I realised virtual reality was going to be huge two years ago when I brought a Samsung VR Gear loaded with some basic loops of 360-degree video along to a family Christmas in New York. I managed to force the headset onto my eldest, most tech-phobic daughter. “It’s going to be rubbish and I hate it already,” she said, as I wedged it onto her.
The two-minute film I showed her was of a walk on a beach in the Philippines. “Oh,” she said, and watched in silence. She then took the headset off, and announced, rather crossly, “Well, I suppose I never have to go there now because I’ve seen it.”
Of course, VR has come on since then; now we have the amazing HTC Vive, the Oculus Rift and Sony PlayStation VR – and game-based content aplenty. But to take maximum advantage of this extraordinary new medium, I think you need to shoot your own video. Early attempts, involving plywood spheres dotted with GoPro cameras, were really for experts. Then some phone attachments came out, which weren’t great. The Insta360 Nano attachment for iPhones I reviewed in November is good, but I have been waiting for one of the big professional photographic manufacturers to enter the fray.
Congratulations, then, to Nikon for its KeyMission 360, a tough, easy-to-use VR camera with serious optics, able to take full-sphere 360-degree footage, perform all the behind-the-scenes software gymnastics and present files that are ready to view on real VR headsets, as well as those cardboard ones that use a smartphone as the video player. Although if you are anxious to experience VR within minutes of opening the box, the KeyMission 360 comes with its own cardboard headset – which must be the first time a Nikon has had a cardboard accessory.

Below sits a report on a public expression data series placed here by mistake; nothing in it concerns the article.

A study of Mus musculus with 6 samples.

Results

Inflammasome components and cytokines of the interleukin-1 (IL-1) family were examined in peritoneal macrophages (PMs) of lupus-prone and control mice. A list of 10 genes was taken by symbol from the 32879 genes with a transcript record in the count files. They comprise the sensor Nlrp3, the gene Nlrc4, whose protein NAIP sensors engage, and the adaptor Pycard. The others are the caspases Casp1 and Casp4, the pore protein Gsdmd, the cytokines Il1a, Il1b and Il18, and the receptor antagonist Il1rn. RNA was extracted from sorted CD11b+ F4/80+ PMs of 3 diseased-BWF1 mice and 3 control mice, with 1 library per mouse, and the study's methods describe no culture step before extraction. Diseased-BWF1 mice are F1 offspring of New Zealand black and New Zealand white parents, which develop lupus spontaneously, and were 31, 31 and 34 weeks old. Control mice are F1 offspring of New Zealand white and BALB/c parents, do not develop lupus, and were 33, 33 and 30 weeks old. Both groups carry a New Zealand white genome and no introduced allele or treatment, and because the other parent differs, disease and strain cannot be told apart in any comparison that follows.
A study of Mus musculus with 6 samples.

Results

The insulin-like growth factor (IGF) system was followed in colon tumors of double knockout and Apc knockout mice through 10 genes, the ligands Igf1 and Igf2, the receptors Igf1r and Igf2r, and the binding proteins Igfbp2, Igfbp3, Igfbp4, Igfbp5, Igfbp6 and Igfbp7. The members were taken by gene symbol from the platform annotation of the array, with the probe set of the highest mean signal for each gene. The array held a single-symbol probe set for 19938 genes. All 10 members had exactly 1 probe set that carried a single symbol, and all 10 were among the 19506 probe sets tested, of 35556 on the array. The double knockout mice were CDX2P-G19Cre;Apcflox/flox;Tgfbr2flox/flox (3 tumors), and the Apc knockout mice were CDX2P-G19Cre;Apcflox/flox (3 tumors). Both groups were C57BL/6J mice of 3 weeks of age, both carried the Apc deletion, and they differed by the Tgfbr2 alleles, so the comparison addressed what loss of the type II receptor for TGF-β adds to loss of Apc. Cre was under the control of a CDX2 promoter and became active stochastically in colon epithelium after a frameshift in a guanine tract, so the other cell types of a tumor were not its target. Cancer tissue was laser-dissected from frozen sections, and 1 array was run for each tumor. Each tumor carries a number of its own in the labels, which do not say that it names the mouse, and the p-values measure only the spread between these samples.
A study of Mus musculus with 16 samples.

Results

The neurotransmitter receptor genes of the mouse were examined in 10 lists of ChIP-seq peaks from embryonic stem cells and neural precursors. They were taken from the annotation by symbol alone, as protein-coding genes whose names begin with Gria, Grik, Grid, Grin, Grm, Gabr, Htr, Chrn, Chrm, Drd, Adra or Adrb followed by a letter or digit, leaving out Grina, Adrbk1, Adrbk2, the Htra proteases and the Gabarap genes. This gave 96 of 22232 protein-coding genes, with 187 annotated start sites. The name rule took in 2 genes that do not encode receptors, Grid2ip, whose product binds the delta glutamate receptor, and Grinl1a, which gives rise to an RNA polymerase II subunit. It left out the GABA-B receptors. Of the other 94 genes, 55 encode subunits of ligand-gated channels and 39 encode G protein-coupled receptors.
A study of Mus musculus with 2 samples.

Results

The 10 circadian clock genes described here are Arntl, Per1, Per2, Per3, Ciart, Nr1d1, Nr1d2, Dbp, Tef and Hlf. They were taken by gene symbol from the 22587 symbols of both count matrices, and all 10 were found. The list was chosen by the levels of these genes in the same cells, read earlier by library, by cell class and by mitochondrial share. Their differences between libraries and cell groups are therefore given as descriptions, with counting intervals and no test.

This wonderful machine has two 8.2mm-equivalent f2.0 lenses with a 21-megapixel sensor for each. The results are breathtaking. I hung the camera I was testing from a DJI drone and flew it over the Thames and back. The footage was awesome, if bumpy: watching it back made me feel as if I were hanging from a helicopter. Since the KeyMission 360 is waterproof to 30m, you could try a similar stunt to create diving videos (although the view does get distorted by the optics of water). Or you could strap one to a skydiver and experience jumping out of an aeroplane without having to do it yourself.